DALLAS – Many of Dallas County’s 980 vehicles are large pickups, SUVS, and vans, and make up about 80 percent of the fleet, not including law enforcement vehicles, according to The Dallas Morning News. The county’s police cruisers get about as many miles per gallon as a Hummer.


Despite the growing use of hybrid vehicles in government fleets nationwide, Dallas County has only one — a Toyota Prius — and no plans to buy more. It took a $34 million budget deficit and skyrocketing fuel costs to get county officials to look into buying smaller, more fuel-efficient cars for certain departments.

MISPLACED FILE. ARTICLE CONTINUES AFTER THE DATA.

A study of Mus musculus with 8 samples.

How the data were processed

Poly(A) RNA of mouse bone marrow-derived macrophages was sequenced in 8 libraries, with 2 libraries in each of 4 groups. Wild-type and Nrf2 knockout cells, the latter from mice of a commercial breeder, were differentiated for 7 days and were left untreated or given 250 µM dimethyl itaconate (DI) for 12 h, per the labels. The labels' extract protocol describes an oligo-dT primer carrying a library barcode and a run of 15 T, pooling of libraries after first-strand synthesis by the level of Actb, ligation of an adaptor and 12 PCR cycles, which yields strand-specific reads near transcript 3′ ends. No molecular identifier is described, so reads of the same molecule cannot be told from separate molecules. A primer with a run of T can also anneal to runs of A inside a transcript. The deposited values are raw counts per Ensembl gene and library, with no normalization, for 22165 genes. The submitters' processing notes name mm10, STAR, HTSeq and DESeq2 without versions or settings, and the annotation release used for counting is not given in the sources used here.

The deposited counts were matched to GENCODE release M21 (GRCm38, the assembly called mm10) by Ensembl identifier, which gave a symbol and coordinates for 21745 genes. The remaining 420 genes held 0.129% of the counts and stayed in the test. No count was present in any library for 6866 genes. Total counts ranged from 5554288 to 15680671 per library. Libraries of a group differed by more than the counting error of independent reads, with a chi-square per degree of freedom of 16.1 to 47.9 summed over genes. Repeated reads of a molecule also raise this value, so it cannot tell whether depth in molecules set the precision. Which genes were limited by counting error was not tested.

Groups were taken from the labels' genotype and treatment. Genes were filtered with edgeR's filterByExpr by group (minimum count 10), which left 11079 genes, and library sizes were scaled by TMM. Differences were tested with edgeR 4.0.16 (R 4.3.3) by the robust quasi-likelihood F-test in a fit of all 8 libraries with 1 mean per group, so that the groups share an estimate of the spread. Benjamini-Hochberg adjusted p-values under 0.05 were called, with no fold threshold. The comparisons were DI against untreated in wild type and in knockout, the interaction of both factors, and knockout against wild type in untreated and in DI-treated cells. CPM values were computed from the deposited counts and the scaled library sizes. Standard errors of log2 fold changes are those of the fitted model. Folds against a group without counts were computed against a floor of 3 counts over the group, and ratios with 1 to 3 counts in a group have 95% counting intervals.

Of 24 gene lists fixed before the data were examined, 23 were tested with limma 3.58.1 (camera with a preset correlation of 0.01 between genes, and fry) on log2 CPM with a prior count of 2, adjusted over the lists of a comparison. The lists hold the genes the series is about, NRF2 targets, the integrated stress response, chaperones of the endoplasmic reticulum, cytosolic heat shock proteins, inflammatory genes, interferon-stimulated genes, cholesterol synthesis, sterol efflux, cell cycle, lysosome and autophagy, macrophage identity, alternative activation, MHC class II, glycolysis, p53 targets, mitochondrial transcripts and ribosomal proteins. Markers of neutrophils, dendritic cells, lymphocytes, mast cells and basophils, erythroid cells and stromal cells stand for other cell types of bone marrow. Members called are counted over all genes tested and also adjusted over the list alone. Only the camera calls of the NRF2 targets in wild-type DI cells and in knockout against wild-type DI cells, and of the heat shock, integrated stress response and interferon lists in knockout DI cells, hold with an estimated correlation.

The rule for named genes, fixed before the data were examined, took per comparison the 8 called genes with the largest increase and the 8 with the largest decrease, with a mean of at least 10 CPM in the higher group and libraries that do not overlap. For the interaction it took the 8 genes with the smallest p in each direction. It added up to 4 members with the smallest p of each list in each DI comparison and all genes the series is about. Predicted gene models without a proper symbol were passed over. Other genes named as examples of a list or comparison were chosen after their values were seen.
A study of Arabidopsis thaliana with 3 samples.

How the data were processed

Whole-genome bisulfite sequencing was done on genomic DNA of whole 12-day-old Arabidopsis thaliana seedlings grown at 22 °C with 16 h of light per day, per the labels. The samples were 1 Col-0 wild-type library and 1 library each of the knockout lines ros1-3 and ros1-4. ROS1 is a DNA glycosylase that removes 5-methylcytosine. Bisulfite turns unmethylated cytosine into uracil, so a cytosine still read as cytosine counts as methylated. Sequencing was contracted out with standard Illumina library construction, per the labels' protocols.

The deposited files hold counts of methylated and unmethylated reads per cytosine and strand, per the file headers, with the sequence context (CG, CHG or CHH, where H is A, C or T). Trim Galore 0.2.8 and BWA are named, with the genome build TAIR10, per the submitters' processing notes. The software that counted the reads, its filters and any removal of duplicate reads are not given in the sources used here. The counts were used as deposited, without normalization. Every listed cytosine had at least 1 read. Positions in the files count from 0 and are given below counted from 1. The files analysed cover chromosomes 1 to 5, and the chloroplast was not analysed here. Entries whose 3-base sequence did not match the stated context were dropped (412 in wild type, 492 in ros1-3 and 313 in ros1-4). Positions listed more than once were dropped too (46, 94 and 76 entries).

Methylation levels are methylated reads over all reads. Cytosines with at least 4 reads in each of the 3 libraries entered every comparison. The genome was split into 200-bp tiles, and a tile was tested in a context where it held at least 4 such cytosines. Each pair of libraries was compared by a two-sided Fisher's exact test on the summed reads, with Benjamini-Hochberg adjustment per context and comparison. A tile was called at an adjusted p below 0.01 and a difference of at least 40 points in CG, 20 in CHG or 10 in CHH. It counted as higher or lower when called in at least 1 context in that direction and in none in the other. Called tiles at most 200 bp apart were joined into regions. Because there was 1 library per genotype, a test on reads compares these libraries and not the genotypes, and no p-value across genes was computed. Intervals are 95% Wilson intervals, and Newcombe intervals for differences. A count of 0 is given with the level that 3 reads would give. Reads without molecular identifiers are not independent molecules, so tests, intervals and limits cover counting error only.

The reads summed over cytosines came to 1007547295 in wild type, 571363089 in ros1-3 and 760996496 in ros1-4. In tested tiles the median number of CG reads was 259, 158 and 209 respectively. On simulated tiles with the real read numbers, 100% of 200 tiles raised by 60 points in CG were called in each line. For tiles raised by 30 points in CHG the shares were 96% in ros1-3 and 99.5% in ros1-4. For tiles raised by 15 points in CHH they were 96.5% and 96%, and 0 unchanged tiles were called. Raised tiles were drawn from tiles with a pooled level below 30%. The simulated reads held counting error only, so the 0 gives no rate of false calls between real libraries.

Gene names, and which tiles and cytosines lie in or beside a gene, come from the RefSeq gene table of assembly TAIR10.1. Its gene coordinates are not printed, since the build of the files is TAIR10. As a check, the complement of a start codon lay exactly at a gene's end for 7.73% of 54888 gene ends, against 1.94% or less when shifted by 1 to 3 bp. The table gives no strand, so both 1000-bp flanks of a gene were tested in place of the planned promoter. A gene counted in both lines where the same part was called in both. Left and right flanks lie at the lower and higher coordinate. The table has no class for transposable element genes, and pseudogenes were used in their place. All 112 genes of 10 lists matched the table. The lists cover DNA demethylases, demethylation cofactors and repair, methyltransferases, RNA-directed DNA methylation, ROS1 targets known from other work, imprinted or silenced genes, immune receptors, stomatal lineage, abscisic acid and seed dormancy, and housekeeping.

The county’s fuel costs have soared 160 percent over the past four fiscal years, from $811,819 in 2005 to a projected $2.1 million this year. This year’s fuel budget is already about $830,000 in the red.

Dallas County is trying to set an example for North Texas by using a newly formed clean air task force to get polluting vehicles off the road. But when it comes to the air quality of its own fleet, the county is trailing many other large metro areas.


Texas Legislature did pass a law requiring that 10 percent of new vehicles bought by state agencies have a federal emissions rating equal to that of a Prius. The law was needed, legislators said, because nearly a third of state fleet costs are for fuel — about $41.4 million annually.

Since buying the county’s only hybrid vehicle in 2002, officials have been monitoring its performance. The Prius has performed well and is still running on its original battery. But the county has no plan to buy more.